Did you know that with adequate tax planning employees can actually pay less PAYE whilst maintaining their cost-to-employer stagnant? Well, if you are working far away from your home or you an expatriate and you frequently travel to and from your home, I would advise you to take a sit and allow me to help you understand why you can legally pay less PAYE just by opting for a passage benefit. In this article, words importing the masculine shall be deemed to import the feminine.
Enter Passage Benefit
Firstly, it is imperative that we understand what a passage benefit is. Unfortunately, the Income Tax Act only makes reference to this term and does not provide its definition. However, it is generally a benefit that accrues to an employee as a result of a journey undertaken by the employee when the cost of that journey is borne by his employer, mainly in the form of airflights. In essence, the benefit encompasses any private journey that an employee undertakes other than business-related trips. You may be querying how this works when all the employer provided benefits are subject to tax. Well, fortunately not all benefits are taxable, in fact, the law explicitly exempts a passage benefit from PAYE.
The Income Tax Act states that a passage benefit paid for the employee should not be included as part of an employee’s taxable income. In verbatim the Act states that, ‘the employment income of any person for any tax year shall not include the value of any free passage by air, rail, road or sea provided for an employee…’ The Act further provides that the benefit includes journeys paid by the employer for the employee’s spouse and children for as long as the benefit is contractual. It is apparent from the quoted provision of the Act that the value or amount of the passage benefit is not restricted to a certain threshold. Further, the Act does not limit the frequency of undertaking the said journeys, save for shareholders holding at least 5 percent shares in a private company.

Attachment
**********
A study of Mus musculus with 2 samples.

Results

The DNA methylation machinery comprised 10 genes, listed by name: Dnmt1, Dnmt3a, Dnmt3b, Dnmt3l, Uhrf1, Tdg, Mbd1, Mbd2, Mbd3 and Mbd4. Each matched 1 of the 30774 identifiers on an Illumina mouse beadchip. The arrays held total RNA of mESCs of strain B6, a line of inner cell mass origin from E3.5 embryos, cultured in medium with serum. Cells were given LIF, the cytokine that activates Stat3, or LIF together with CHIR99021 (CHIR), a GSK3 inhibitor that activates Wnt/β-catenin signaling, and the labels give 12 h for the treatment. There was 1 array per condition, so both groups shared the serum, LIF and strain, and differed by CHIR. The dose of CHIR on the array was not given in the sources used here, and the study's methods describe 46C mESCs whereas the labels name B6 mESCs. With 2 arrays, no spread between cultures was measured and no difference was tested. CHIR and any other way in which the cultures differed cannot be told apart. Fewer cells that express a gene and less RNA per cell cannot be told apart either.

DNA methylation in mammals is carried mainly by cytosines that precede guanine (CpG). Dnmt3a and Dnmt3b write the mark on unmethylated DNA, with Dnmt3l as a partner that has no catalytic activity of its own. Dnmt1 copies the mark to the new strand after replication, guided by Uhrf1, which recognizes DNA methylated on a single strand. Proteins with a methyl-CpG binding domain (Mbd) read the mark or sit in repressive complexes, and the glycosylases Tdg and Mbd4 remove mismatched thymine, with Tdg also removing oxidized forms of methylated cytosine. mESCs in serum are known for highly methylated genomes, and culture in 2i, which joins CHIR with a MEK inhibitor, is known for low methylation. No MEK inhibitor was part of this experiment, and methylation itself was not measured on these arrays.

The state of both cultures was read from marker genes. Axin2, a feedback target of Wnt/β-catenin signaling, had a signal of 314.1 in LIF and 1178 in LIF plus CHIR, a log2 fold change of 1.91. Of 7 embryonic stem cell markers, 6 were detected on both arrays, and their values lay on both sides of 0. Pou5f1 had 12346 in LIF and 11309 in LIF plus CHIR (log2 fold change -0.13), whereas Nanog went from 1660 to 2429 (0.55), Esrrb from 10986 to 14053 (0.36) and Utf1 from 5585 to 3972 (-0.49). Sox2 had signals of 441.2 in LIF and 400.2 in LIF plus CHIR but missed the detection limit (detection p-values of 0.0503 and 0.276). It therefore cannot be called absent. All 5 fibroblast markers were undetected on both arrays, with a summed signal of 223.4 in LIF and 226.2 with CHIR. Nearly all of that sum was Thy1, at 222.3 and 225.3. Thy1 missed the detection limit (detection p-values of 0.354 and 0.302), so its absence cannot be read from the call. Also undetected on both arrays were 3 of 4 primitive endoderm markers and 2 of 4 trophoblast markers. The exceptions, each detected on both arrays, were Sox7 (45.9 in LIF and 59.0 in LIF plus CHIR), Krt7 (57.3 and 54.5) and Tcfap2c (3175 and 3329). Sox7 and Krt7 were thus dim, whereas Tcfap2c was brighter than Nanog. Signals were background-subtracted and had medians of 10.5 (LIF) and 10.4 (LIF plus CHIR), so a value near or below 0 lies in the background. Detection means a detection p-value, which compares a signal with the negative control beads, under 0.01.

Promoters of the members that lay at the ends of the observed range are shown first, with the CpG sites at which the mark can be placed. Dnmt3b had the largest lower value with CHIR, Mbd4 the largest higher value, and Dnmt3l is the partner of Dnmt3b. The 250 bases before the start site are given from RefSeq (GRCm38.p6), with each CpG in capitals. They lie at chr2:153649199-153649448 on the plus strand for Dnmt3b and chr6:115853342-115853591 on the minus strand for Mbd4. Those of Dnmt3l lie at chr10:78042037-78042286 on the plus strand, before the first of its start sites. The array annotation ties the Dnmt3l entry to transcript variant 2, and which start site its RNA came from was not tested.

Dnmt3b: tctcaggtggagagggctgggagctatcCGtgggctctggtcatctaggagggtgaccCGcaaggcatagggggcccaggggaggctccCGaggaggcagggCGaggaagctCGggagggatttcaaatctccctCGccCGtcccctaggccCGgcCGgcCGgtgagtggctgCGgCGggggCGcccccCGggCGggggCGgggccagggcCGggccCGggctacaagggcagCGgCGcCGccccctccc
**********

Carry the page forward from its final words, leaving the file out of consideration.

To arrange one’s affairs in a tax efficient manner is simply a matter of logic and principle. Allow me to technically break it down for you. Let us assume that John who earns P1m a year comes from India and he flies home four times every year with his whole family at a cost of P120,000. Basically, this means that John utilises his net salary after PAYE of P 775 950 to cater for the travelling expenditure which further reduces his disposable income by P120 000 to P 655 950, after the flights. Now, if John was to engage with his employer to amend the contract to the effect that the employer will cater for the travel expenses in exchange for a reduced gross salary by the P120,000, John will be taxed on P 880 000 only and his disposable income rises to P 685 950, up from P 655 950. He therefore makes a tax saving of P 30 000, as legally provided for by the Act and still enjoys the 4 flights per year.
The big lesson here is that employees mustn’t sign new employment contracts without seeking tax consulting services as they may unknowingly pay more tax than what the law requires. As can be seen from John’s case above, he makes a tax saving of P 30 000 per annum, which culminates to P 300 000 in a decade simply by embarking on tax planning as provided in law.
Well folks, I hope that was insightful. As Yours Truly says goodbye, remember to pay to Caesar what belongs to him. If you want to join our Tax WhatsApp group or to know about our 9 Tax e-books, send me a text on the cell number below.